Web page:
What I Wish Men Understood (and wonder if most do not)
What I wish men understood, and wonder if most do not:
That we, feminine creatures and consciousness, do not see your failures as shameful.
(Some do, but they are immature and not seeing you clearly. We who see you clearly want you to know without a doubt that we do not consider failure shameful, and we don’t consider your failures shameful.)
We have all been fed a massive lie about failure. And for men it seems the pressure to not fail is the worst, is beyond epic, coming at you from all sides. The patriarchal cultural mythology suggests that a man who fails is not even really a man, that his whole identity and sense of masculinity depends on him NOT FAILING.
I’m sure I don’t understand the half of it—how it is for men in patriarchy—but I have been watching and listening closely, with my heart to your chest, for a very long time now, and I am pretty sure it must be no fun to live inside that construct that tells you you can’t be Man if you fail.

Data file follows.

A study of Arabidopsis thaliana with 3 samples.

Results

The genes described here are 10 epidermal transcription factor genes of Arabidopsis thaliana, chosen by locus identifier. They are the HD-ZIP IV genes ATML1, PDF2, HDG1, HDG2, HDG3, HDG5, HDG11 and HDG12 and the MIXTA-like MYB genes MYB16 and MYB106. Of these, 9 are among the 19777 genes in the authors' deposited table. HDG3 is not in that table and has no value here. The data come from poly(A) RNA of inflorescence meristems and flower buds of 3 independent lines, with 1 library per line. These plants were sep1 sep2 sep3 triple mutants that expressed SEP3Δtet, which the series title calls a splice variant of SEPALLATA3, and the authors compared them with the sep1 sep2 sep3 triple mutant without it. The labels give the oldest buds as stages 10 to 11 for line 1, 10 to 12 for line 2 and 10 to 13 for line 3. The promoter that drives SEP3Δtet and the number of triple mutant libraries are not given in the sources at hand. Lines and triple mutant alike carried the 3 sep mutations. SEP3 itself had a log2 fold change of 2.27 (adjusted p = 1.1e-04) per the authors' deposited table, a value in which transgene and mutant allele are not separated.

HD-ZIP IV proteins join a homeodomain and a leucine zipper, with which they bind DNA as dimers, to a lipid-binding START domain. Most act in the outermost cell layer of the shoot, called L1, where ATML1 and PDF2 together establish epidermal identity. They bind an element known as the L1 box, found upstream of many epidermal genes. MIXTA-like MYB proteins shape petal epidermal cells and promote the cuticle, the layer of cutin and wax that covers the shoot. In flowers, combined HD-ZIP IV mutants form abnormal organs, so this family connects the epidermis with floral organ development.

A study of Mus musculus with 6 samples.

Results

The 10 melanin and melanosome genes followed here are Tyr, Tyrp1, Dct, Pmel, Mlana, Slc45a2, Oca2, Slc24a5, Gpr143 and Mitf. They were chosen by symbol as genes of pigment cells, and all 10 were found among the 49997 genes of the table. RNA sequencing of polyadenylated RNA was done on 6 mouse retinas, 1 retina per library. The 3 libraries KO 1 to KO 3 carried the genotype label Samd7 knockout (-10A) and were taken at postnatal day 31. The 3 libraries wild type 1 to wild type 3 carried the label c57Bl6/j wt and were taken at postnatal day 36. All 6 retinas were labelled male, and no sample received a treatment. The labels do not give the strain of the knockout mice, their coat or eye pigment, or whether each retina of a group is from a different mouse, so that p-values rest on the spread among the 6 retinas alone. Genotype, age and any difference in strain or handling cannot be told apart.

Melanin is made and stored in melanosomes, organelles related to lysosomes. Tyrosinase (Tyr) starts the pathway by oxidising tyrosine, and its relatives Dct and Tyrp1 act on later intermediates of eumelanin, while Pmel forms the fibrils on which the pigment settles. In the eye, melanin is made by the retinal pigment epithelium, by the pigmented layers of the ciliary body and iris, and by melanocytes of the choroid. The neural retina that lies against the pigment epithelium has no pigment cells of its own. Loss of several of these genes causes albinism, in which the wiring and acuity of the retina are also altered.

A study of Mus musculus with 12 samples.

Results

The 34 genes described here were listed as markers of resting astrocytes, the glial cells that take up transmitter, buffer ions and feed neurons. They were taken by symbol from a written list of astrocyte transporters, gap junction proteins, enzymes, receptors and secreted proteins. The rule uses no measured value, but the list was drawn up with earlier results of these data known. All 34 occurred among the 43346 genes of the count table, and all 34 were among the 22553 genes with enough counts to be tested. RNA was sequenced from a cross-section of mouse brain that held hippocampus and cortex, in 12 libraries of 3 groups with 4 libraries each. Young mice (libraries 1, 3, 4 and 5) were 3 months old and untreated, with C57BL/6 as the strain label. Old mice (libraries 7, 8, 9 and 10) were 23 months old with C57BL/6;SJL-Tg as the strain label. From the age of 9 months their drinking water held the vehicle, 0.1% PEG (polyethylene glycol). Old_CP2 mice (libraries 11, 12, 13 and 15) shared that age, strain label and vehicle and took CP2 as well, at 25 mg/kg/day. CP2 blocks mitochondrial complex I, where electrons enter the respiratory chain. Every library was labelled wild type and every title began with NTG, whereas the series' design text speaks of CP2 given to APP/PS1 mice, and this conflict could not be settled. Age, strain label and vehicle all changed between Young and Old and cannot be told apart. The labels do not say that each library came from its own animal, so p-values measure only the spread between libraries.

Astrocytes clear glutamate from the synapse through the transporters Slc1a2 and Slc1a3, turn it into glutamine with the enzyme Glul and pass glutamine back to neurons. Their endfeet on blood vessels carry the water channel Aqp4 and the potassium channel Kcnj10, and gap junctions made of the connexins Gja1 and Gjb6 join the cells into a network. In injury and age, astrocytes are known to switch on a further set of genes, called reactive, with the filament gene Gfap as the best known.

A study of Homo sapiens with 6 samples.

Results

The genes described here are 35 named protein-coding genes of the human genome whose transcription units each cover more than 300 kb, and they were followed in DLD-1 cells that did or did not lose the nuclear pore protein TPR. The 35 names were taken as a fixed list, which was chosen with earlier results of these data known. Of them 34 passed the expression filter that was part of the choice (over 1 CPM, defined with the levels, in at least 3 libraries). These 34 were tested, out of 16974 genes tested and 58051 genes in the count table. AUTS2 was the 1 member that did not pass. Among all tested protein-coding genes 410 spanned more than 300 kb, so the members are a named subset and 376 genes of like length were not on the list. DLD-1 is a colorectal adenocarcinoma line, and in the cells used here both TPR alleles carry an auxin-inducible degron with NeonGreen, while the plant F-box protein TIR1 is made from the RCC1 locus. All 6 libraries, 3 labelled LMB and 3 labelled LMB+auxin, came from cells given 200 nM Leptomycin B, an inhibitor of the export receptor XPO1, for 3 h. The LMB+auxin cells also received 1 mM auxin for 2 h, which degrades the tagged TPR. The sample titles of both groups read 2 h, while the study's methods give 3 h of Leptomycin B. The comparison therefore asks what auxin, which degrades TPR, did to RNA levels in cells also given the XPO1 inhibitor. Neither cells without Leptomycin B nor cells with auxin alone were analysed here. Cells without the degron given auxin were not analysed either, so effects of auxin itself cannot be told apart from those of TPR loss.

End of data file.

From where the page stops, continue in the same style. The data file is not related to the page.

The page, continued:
Please fail often.
I know the value of failure. I know it well. I know how it will teach a soul to stop and listen, to listen deeper than they’ve ever listened before, and to learn. How failure teaches a soul to recognize the strength and intelligence in GROWING HUMBLE.
So, please let yourself fail.
Let yourself be honest with yourself (and with well-chosen others) about the failures. Acknowledge them.
And then sit with them.
First, understand that your worth is unimpeachable. You are wanted, needed and loved in your perfect uniqueness. Center here, in this knowledge that there is no failure that can damage your inherent worth.
When you can hold yourself in that awareness regardless of what is happening between you and The Other, begin to tune in to the gift frequencies of your failures, and see what is there to be learned.
There is no shame in not knowing what you don’t know. And, the invitation to open to deeper learning is always here.
It is possible to let your relationship with failure be transformed, such that you come to see that failure is not the enemy and failure does not require shame.